On Sept. 19, 1982, three keyboard characters changed the way we communicate: Colon, dash, the right half of a parentheses.
Viewed from left to right, the combination might have looked like a typo. Tilt your head to the left, and you'll see it.
The emoticon was born in a chatroom – then known as a "bboard," or an online bulletin board – at Carnegie Mellon University in Pittsburgh, according to emoticon creator Scott E. Fahlman, a professor in the school's computer science department.
The "bboards" were used for campus announcements and updates. The problem, Fahlman explained, was that sarcasm humor wouldn't always translate online.
"In at least one case, a humorous remark was interpreted by someone as a serious safety warning," Fahlman wrote in the early 2000s .
Fahlman devised a solution: If a bboard comment was made in jest, he suggested a "joke marker" – the :-) that eventually became the first widely used emoticon. If the comment wasn't a joke, it could be marked with a :-(.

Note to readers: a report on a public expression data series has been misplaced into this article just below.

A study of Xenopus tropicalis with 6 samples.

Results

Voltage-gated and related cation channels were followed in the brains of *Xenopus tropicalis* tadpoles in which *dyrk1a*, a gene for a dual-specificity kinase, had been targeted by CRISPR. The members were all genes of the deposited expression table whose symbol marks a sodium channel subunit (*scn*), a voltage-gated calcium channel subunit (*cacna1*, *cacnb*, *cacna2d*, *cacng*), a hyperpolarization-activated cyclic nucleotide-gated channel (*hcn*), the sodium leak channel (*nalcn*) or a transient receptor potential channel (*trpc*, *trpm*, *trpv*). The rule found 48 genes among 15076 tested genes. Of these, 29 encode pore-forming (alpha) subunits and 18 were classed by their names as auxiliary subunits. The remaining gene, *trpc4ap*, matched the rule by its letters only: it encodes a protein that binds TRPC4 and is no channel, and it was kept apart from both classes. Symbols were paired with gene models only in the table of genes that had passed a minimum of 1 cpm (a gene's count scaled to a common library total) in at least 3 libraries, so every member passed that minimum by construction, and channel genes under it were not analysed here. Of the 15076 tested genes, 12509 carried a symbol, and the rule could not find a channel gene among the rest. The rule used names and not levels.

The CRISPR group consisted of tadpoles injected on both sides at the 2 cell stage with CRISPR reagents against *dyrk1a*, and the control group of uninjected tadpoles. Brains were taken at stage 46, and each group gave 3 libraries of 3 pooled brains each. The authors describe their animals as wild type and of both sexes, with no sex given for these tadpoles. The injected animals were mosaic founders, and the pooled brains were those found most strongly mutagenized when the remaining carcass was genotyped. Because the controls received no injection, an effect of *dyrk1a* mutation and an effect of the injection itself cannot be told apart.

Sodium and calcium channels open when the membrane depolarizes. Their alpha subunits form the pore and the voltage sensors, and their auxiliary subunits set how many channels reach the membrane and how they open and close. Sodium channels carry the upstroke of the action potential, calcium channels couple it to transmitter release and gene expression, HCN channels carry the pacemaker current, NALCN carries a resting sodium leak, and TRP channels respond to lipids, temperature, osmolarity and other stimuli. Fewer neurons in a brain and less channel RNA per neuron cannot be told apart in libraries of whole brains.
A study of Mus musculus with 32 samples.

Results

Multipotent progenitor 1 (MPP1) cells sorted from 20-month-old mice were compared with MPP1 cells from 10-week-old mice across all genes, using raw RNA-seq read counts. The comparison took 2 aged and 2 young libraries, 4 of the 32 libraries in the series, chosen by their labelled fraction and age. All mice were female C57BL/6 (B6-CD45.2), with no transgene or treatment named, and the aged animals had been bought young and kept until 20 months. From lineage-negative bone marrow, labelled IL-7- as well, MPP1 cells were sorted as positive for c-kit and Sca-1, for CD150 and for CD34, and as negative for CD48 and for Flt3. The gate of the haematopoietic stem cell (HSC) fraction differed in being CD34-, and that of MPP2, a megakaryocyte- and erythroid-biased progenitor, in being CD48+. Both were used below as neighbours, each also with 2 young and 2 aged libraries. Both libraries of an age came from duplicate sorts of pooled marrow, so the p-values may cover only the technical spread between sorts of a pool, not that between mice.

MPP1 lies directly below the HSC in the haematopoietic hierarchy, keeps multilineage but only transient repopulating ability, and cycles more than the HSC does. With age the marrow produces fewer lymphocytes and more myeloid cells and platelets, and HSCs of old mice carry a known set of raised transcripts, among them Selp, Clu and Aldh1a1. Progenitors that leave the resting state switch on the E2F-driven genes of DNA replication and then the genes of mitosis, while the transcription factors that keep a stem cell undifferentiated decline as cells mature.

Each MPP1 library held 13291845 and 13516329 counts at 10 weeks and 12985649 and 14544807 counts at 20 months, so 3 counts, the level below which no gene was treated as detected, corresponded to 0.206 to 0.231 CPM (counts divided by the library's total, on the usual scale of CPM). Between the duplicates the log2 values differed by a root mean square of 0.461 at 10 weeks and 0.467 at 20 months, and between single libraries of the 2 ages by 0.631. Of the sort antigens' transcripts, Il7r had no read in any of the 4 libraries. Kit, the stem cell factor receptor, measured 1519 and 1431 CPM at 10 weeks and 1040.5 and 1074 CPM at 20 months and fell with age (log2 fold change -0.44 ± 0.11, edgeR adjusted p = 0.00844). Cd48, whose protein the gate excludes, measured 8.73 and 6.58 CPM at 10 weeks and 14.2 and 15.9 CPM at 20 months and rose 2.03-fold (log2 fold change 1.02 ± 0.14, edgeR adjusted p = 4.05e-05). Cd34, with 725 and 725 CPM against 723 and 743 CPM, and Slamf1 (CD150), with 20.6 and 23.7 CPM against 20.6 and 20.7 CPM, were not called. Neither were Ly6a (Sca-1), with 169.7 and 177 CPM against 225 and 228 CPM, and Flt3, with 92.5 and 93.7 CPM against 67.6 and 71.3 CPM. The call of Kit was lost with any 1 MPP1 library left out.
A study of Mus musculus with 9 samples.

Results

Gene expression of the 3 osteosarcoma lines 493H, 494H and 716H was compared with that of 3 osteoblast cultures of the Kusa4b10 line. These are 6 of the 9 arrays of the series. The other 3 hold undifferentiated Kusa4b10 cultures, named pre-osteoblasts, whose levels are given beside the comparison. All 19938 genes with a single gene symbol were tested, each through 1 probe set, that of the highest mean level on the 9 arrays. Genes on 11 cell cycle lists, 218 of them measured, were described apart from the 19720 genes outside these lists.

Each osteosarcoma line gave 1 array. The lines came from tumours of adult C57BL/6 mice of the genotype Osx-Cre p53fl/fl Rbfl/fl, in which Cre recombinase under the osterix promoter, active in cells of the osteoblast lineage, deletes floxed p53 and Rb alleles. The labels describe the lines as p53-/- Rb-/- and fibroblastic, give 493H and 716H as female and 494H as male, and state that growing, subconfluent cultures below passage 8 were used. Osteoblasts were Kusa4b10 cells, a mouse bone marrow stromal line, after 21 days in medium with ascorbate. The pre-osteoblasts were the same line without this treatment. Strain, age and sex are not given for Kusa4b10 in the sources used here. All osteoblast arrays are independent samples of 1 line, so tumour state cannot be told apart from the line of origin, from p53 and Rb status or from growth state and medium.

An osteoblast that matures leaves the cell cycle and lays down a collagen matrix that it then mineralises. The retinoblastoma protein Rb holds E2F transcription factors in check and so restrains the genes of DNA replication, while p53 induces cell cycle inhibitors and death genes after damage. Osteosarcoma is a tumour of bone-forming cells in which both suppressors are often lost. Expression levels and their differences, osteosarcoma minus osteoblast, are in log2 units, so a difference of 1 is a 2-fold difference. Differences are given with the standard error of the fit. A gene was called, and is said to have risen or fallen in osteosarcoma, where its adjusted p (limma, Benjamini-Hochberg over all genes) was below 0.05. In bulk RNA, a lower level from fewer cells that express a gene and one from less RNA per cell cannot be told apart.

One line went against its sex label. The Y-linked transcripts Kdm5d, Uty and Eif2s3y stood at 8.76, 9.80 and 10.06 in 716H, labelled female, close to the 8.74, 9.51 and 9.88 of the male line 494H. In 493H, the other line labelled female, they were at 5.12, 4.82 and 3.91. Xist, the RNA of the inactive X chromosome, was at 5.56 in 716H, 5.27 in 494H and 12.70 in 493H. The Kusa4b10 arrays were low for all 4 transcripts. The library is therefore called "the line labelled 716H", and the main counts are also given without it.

Here was Fahlman's initial pitch to the bboard:
I propose that the following character sequence for joke markers: :-)
Read it sideways. Actually, it is probably more economical to mark things that are NOT jokes, given current trends. For this, use :-(
The markers caught on, spreading from one university to the next and eventually into internet lore. Just know this: Fahlman wasn't a fan of the emoticon's cartoon-like evolution, the emoji.
"It’s interesting to note that Microsoft and AOL now intercept these character strings and turn them into little pictures," Fahlman wrote. "Personally, I think this destroys the whimsical element of the original."